Location: Plant, Soil and Nutrition Research
Title: A Sepallata Gene Is Involved in the Development and Ripening of Strawberry (Fragaria X Ananassa DUCH.) Fruit, a Non-Climacteric Tissue Authors
|Seymour, Graham -|
|Ryder, Carol -|
|Cevik, Volcan -|
|Hammond, John -|
|Popovich, Alexander -|
|King, Graham -|
|Vrebalov, Julia -|
|Manning, Kenneth -|
Submitted to: Journal of Experimental Botany
Publication Type: Peer Reviewed Journal
Publication Acceptance Date: October 11, 2010
Publication Date: March 24, 2011
Citation: Seymour, G., Ryder, C., Cevik, V., Hammond, J., Popovich, A., King, G., Vrebalov, J., Giovannoni, J.J., Manning, K. 2011. A SEPALLATA gene is involved in the development and ripening of strawberry (Fragaria x ananassa Duch.) fruit, a non-climacteric tissue. Journal of Experimental Botany. 62:1179-1188. Interpretive Summary: Fruits are reproductive organs unique to the Angiosperms that have evolved to promote seed dispersal. They are also one of the most important components of the human diet. Classically two broad classes of fruits have been recognized. In climacteric fruits, e.g. tomato, banana and melon, the onset of ripening is marked by increased ethylene synthesis and respiration. Non-climacteric fruits such as strawberry do not show these physiological changes in association with ripening. We have identified a transcription factor, RIN that regulates climacteric ripening in tomato. Here we show that a similar gene regulates ripening in non-climacteric strawberry fruit suggesting this function is well conserved among fruit species.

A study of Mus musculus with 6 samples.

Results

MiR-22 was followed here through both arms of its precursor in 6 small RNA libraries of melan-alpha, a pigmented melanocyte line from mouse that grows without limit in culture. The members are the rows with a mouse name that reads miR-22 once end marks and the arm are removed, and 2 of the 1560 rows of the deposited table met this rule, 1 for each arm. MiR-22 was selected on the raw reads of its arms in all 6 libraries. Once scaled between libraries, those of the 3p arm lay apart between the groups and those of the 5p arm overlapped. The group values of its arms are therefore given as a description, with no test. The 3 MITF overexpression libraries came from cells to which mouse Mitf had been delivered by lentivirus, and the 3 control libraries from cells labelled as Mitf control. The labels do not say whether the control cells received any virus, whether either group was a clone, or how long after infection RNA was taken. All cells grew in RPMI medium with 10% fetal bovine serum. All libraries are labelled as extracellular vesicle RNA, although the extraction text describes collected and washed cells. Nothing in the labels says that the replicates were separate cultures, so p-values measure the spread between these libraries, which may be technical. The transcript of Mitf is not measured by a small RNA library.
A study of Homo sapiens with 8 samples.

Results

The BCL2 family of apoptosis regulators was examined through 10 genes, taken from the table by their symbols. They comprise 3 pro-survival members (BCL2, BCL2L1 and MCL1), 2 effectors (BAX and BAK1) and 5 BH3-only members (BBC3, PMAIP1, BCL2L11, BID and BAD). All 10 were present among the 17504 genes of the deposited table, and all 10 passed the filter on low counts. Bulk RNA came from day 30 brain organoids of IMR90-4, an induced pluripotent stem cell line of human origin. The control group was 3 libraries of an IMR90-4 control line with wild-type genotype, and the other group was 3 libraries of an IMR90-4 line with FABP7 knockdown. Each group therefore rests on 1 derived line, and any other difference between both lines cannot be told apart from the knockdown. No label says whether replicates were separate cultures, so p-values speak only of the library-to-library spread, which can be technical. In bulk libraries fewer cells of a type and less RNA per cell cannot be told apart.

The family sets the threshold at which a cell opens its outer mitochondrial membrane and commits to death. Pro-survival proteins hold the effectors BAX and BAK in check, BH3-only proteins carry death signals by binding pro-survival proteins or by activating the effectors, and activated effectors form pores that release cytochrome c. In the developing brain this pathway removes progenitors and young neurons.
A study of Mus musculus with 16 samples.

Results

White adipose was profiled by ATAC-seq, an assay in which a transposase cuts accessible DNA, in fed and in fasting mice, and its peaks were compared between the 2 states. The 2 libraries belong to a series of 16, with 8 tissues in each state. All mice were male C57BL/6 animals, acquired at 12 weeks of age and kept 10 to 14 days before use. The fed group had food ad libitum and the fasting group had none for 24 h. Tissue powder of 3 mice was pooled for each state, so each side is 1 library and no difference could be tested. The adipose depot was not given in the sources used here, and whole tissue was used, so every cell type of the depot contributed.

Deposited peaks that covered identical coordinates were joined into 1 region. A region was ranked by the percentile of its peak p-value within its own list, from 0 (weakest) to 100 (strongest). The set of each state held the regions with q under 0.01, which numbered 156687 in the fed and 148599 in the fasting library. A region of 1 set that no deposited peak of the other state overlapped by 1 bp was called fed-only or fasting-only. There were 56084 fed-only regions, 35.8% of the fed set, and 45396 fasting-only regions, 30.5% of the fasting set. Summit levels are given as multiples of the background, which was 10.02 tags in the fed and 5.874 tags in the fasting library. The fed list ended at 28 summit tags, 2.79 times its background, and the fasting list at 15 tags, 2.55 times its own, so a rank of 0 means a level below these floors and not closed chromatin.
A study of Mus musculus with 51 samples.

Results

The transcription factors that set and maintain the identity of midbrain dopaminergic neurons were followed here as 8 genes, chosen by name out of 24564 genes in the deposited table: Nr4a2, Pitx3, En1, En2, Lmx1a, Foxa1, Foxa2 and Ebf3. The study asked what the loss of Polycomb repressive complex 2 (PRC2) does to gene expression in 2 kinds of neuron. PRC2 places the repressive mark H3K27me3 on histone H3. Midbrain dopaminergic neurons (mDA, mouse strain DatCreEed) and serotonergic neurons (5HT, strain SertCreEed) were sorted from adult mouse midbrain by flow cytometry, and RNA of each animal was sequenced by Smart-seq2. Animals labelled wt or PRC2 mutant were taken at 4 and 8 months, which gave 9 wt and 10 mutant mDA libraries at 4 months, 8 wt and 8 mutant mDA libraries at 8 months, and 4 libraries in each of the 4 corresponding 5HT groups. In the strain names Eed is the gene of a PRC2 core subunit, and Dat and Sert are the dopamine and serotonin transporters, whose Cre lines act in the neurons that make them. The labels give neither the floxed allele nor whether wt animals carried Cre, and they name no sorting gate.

Technical Abstract: Climacteric and non-climacteric fruits have traditionally been viewed as representing two distinct programs of ripening associated with differential respiration and ethylene hormone effects. In climacteric fruits, such as tomato and banana, the ripening process is marked by increased respiration and is induced and coordinated by ethylene, while in non-climacteric fruits, such as strawberry and grape, it is controlled by an ethylene-independent process and exhibits little change in respiration rate. The two contrasting mechanisms, however, both lead to texture, color and flavor changes that likely reflect common regulatory control. Recently it has been shown that a SEPALLATA(SEP)4-like gene is necessary for normal ripening in tomato. Here we demonstrate that silencing a fruit-related SEP1/2-like (FaMADS-9) gene in strawberry leads to inhibition of normal development and ripening in the petal, achene and receptacle tissues. Additionally, analysis of transcriptome profiles reveals pleiotropic effects of FaMADS-9 on fruit development and ripening-related gene expression. We conclude that SEP genes play a central role in the developmental regulation of ripening in both climacteric and non-climacteric fruits. Our discovery also extends the ability for molecular control of ripening in a non-climacteric fruit beyond the limited genetic and cultural options currently available.